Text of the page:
Dr. Anthony Colaprete, LCROSS Principal Investigator, Ames Research Center
- Wednesday, 27 August 2008
Also, being as close as we are, we’ll have much, much greater sensitivity. Lunar Prospector was only observed from Earth assets, whereas we’ll be able to observe really up close and personal. This has been demonstrated recently. A year-and-a-half ago or so, the European Space Agency’s SMART-1 spacecraft also crashed into the Moon at the end of its life. It crashed about 27-degrees south of the equator, not in the polar regions, but investigators from the LCROSS team and others tried to observe that impact and had success. The Canada-France-Hawaii Telescope on Mauna Kea did, indeed, observe the flash and the ejecta cloud come up from that spacecraft. Like Lunar Prospector, it was never designed to be an impactor. It was relatively small – a couple hundred kilograms – and also came in at a grazing angle, maybe 2 or 3 degrees above the horizontal. So we feel that LCROSS is going to have a much, much greater chance of success in terms of creating an ejecta cloud that’s observable.
NTB: What types of instruments will be onboard the shepherding spacecraft to observe and analyze this debris plume?
Dr. Colaprete: We have five cameras, three spectrometers, and a special photometer. The five cameras include a visible camera, which is to provide color context imagery so we know precisely where we hit. We have two near infrared cameras that look at wavelengths where water is visible…water ice in particular. What we do with the two cameras is we actually have them looking at two different parts of the wavelength spectrum sensitive to water and by differencing the two images we can actually make a map of where water ice is.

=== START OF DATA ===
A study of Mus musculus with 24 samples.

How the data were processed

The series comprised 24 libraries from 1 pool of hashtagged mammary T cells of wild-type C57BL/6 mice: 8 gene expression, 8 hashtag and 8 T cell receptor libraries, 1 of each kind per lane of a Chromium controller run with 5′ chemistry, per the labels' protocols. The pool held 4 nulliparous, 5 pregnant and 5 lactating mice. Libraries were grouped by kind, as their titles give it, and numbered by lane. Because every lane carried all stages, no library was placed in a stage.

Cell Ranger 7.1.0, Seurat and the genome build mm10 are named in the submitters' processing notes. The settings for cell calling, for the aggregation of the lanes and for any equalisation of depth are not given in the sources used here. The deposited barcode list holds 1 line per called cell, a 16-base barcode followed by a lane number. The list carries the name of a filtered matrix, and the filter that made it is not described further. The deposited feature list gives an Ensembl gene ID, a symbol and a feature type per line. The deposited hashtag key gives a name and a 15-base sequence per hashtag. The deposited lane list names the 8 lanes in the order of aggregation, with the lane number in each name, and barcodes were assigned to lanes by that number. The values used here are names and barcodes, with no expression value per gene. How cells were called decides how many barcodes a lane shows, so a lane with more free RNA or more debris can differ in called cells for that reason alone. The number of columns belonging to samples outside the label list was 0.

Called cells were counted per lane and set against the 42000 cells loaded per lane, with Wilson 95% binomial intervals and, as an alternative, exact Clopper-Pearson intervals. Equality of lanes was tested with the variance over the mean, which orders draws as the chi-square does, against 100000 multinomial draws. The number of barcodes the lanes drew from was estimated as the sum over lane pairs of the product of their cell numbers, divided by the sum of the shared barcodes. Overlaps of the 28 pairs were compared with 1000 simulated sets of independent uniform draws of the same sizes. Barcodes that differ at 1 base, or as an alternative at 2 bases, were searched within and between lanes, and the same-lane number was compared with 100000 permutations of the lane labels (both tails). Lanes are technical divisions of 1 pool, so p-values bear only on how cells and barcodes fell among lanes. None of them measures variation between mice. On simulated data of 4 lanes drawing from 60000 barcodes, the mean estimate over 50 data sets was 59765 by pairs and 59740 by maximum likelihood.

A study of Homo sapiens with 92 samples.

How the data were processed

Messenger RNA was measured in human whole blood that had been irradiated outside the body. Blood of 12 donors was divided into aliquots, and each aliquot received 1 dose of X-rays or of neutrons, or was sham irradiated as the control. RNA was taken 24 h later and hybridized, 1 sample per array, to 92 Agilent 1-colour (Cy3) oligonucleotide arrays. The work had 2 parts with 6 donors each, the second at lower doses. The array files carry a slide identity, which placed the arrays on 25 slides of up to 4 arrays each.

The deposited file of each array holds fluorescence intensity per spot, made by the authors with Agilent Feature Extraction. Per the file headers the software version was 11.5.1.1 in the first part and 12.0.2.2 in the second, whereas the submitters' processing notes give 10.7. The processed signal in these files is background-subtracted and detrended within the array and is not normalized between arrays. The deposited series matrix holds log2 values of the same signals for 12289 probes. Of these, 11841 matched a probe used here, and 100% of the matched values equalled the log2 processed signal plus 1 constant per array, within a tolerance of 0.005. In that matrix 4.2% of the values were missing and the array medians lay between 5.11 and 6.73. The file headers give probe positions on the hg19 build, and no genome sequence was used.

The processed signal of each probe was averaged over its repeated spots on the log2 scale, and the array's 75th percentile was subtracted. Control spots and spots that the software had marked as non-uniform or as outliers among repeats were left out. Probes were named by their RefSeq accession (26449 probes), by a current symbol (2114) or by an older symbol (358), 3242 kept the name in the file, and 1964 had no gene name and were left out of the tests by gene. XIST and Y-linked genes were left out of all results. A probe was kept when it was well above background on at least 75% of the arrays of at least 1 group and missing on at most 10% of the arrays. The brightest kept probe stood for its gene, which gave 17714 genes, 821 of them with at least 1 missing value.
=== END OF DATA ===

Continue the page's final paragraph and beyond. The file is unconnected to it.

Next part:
Then we have two mid-infrared, or thermal, cameras. They look at temperatures. They will measure the temperature of the plume and the expanding particle cloud and remnant crater, if there’s any heat left in that crater after impact. We have two of those cameras to work in the same way as the near-infrared cameras. They have filters that look inside and outside of portions of the spectrum that are sensitive to water vapor, so we can difference those images and look for water vapor.
We also have two near-infrared spectrometers. Near infrared spectrometers are very sensitive to water ice and water vapor. We have one that looks down at the impact itself, looking for water ice in the ejecta cloud, and then we have one that looks to the side towards the sun, so as we fly through the ejecta cloud we can monitor how the sunlight is absorbed or scattered away by the ejecta cloud particles. That’s a very sensitive technique to look for various small amounts of water vapor or water ice.
Lastly, we have an ultraviolet visible spectrometer that also looks down at the ejecta cloud and it will be looking at the emission lines from the impact flash, and also scattered light off the ejecta clouds from which we can derive the mineralogy and characteristics of the particles in these ejecta clouds.
Then there’s one last instrument, the Total Luminescent Photometer, which is an instrument built here, by Ames, and it is a very, very fast photometer. It actually measures the flash of the impact itself. The flash lasts only a couple hundred milliseconds, but depending on the brightness and shape of that flash – and by shape I mean the shape of that light curve over time – you can tell how far you penetrated, how strong the material you entered was, even if there was water subliming as you impacted, so this instrument is designed to make very, very precise measurements of very faint signals very quickly. It measures a thousand times a second as the impact occurs.